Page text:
The following is a book review of "Performance Dashboards and Analysis for Value Creation" by Jack Alexander. The book was first published in 2007 by John Wiley & Sons, Inc.
This book was written for individuals at all levels of the enterprise to show conceptual links between operating performance, financial measures, and shareholder value; and show how dashboards can be built to effectively track performance and manage the enterprise. The book is clearly written, uses clear examples and is written with an academic and systematic style.
"Performance Dashboards" has three parts which I will call introduction to finance, value driver dashboards, and practical matters. The intro to finance section summarizes the fundamentals of finance and valuation concepts for those without a financial background so they can follow parts two and three. The value driver dashboard section devotes a chapter to breaking down each of the drivers of shareholder value and showing how metric dashboards can be created to manage the drivers. The practical matters section discusses some of the issues that come along with introducing a new tool to an organization and how to make sure to be successful. The book also comes with a CD-ROM that is full of spreadsheets (dashboards) that were used as examples throughout the text.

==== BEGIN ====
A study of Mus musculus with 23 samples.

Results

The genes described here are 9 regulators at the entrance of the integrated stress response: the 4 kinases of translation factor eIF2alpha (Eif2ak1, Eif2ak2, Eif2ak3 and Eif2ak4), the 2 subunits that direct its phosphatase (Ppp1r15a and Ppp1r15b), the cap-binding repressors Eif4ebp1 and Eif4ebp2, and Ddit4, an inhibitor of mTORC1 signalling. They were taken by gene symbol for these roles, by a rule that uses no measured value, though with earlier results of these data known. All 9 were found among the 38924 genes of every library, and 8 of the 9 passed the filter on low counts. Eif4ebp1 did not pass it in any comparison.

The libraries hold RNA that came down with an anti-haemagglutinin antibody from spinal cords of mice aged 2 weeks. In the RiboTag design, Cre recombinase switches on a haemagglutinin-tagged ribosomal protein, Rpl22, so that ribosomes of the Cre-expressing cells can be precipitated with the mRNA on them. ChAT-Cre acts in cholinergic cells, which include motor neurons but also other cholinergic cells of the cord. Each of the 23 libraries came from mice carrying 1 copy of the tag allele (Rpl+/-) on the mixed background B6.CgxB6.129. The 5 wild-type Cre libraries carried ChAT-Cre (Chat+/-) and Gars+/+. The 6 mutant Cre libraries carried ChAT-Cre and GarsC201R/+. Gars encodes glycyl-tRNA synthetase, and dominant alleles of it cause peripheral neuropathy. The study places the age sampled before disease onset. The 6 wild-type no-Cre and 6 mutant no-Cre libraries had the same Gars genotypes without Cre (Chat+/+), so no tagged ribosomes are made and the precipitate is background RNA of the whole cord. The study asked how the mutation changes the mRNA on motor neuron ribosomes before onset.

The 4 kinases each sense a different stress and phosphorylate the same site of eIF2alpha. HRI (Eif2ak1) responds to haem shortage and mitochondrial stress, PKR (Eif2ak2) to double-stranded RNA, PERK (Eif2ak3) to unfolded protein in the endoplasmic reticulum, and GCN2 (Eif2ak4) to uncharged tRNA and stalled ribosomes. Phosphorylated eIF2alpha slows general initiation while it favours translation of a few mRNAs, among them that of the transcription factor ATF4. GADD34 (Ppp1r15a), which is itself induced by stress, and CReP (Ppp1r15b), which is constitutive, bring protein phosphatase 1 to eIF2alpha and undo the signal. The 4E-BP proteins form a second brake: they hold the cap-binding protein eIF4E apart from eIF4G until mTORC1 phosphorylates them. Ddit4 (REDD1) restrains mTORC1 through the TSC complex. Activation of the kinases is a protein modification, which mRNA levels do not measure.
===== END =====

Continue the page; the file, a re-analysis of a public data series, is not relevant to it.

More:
The only criticism that I have of the book is that it is largely focused on metrics for businesses that produce physical products (or goods) and it would have been nice to see a chapter devoted metrics and dashboards for businesses that produce service products. With this said, the high-level business metrics are there and maybe it felt that managers of service companies should be able to drill down another level to create the dashboards and metrics that make the most sense for their particular business.
In Summary, "Performance Dashboards and Analysis for Value Creation" is a great book for individuals at all levels of the enterprise who want to see how the multitude of business metrics fit together and can be use to drive shareholder value.